By Danielle Allen
Last month, the Wall Street Journal reported an important effect of the 2008 presidential campaign: For the first time, traffic at left-leaning political Web sites overtook traffic at right-leaning competitors. The Drudge Report and Free Republic had the largest number of unique visitors in September 2007, but in September 2008, that honor went to the Huffington Post.
Political strategists have been analyzing the impact of the Internet on American political communication since at least the mid-1990s. When Hillary Clinton complained in 1998 about a "vast right-wing conspiracy," she was drawing on a 332-page study done by the 1995 Clinton White House alleging that a "right-wing conspiracy industry" was moving anti-Clinton material from Web sites in the United States to conservative papers in Britain and then back to mainstream U.S. print publications.
That 1995 report, and Clinton, too, were right on one point: The earliest significant impact of the Internet on political communication did come from the right.
Drudge was founded in 1994 and Free Republic in 1996. MoveOn was created in 1998 — precisely to respond to online anti-Clinton efforts — but it didn't gain real prominence until 2003, when George Soros invested. The other major left-leaning sites appeared after George W. Bush's election: Democratic Underground in 2001, Daily Kos in 2002 and Huffington Post not until 2005.
This pattern makes sense: The right, while in opposition, innovated with Internet tools; when the left in turn found itself out of power, it too developed new types of political communication.
But if Clinton was correct that the right dominated the Internet in the mid-90s, she wrongly attributed its success to conspiratorial methods. The word "conspiracy" fails to capture the remarkable power generated by Internet-based communication.
There are basically two kinds of influential political Web sites: sites that use a top-down hierarchy, whereby a central organization develops a message and disseminates it using social-networking technology, and sites that use a Wikipedia-type method, in which thousands of individual users contribute content and drive the message. This latter approach is exactly the opposite of conspiratorial.
The earliest and most powerful right-leaning Web site, Free Republic, used the non-hierarchical method. Free Republic developed innovative Internet architecture to build a sort of Wikipedia of citizenship, a do-it-yourself kit for spreading messages and connecting them with local, face-to-face activism. The site's discussion lists — which have global reach — are fed by participants and connected by those participants to a plethora of state message boards organizing real-time, boots-on-the-ground political action. The influence of the site reflects the power of self-organizing social phenomena, not a conspiracy.
Notably, the right has adopted the Wikipedia method more consistently than the left. MoveOn employs the top-down structure, as does the Huffington Post. Daily Kos blends the grass-roots and hierarchical methods. Democratic Underground copied Free Republic's grass-roots approach, but with less powerful architecture. One can't help wondering whether the right's more successful use of such self-organizing systems reflects the concrete impact of libertarian ideology.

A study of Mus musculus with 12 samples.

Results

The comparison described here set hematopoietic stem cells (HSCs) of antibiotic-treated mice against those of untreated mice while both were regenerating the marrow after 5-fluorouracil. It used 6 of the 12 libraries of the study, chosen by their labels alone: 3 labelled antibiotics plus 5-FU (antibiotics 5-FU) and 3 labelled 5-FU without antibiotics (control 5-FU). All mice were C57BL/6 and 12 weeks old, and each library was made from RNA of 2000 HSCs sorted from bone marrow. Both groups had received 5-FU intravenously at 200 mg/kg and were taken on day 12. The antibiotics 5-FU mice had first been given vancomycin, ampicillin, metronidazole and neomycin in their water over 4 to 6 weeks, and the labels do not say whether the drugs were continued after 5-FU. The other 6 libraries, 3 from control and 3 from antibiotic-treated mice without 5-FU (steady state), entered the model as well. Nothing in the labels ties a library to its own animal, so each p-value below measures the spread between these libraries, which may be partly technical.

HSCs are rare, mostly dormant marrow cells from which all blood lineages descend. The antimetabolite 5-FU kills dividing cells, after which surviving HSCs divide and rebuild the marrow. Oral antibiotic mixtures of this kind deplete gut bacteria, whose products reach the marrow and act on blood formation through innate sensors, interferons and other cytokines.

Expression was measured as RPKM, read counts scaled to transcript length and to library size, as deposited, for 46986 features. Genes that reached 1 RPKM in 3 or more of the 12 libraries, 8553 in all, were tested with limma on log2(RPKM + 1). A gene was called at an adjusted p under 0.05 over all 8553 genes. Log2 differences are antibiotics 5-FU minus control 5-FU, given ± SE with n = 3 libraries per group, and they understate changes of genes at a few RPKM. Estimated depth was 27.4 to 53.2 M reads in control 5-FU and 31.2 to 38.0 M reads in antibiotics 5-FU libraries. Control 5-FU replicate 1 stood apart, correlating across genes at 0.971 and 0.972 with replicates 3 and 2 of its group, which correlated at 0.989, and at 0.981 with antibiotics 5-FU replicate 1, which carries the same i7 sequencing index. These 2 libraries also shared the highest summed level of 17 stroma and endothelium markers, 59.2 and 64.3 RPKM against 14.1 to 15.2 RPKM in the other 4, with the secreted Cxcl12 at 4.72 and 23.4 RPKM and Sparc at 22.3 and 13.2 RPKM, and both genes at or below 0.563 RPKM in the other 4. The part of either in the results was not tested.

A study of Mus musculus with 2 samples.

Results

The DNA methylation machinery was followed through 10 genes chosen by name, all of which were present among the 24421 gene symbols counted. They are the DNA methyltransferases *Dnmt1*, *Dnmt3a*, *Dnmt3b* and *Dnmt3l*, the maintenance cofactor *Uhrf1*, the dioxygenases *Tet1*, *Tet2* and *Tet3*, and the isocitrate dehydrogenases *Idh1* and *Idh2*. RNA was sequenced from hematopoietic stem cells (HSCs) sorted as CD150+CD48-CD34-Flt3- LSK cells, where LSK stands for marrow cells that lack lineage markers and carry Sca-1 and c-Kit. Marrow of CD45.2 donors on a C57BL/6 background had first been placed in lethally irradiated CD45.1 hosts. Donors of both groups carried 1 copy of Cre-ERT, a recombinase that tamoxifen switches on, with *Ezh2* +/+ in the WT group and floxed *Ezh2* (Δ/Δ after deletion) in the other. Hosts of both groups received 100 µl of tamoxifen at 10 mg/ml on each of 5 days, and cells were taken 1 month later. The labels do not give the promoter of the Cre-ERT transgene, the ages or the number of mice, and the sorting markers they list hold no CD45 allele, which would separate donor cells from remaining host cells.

But 2008 brought one major exception to the general pattern. Over the last two years, the Obama campaign built another "Wikipedia" of citizenship. It used its Web site to disseminate tools for grass-roots organizing and made its campaign infrastructure infinitely expandable as groups replicated over and over, learning from and copying one another. The campaign infrastructure became, to a significant degree, self-organizing. This explains its remarkable people power.
What will these successes mean for the future of our politics? In Federalist No. 10, James Madison argued that the geographical scope of the new country — even with just 13 states — would prevent the development of nationwide factions. But the Internet has eradicated barriers of geography, enabling much more effective factional organization than the Founders could have imagined. This is what Clinton was really marking when she complained about the "vast right-wing conspiracy."
Now, however, we are at a turning point. We've finally reached something of a left-right equilibrium in the dramatic restructuring of the public sphere that has been under way for the past decade. Against this background, on Nov. 4 the Obama campaign sent an e-mail to supporters from the president-elect signaling aspirations to convert the campaign's success with social networking technologies into a tool not merely for winning but for good governance.
Such a conversion would require transcending the factional patterns that currently define Internet-based political communication. It would demand a category shift: to remake the tools of factional organization as instruments of broad, cross-partisan and respectful public engagement.
Can this be done? If not, the Obama team's digital network could well become nothing more than an outsized, 21st-century version of a ward machine. If it can be done, it could restore a richer experience of citizenship.
The writer is the UPS Foundation Professor at the Institute for Advanced Study in Princeton, N.J.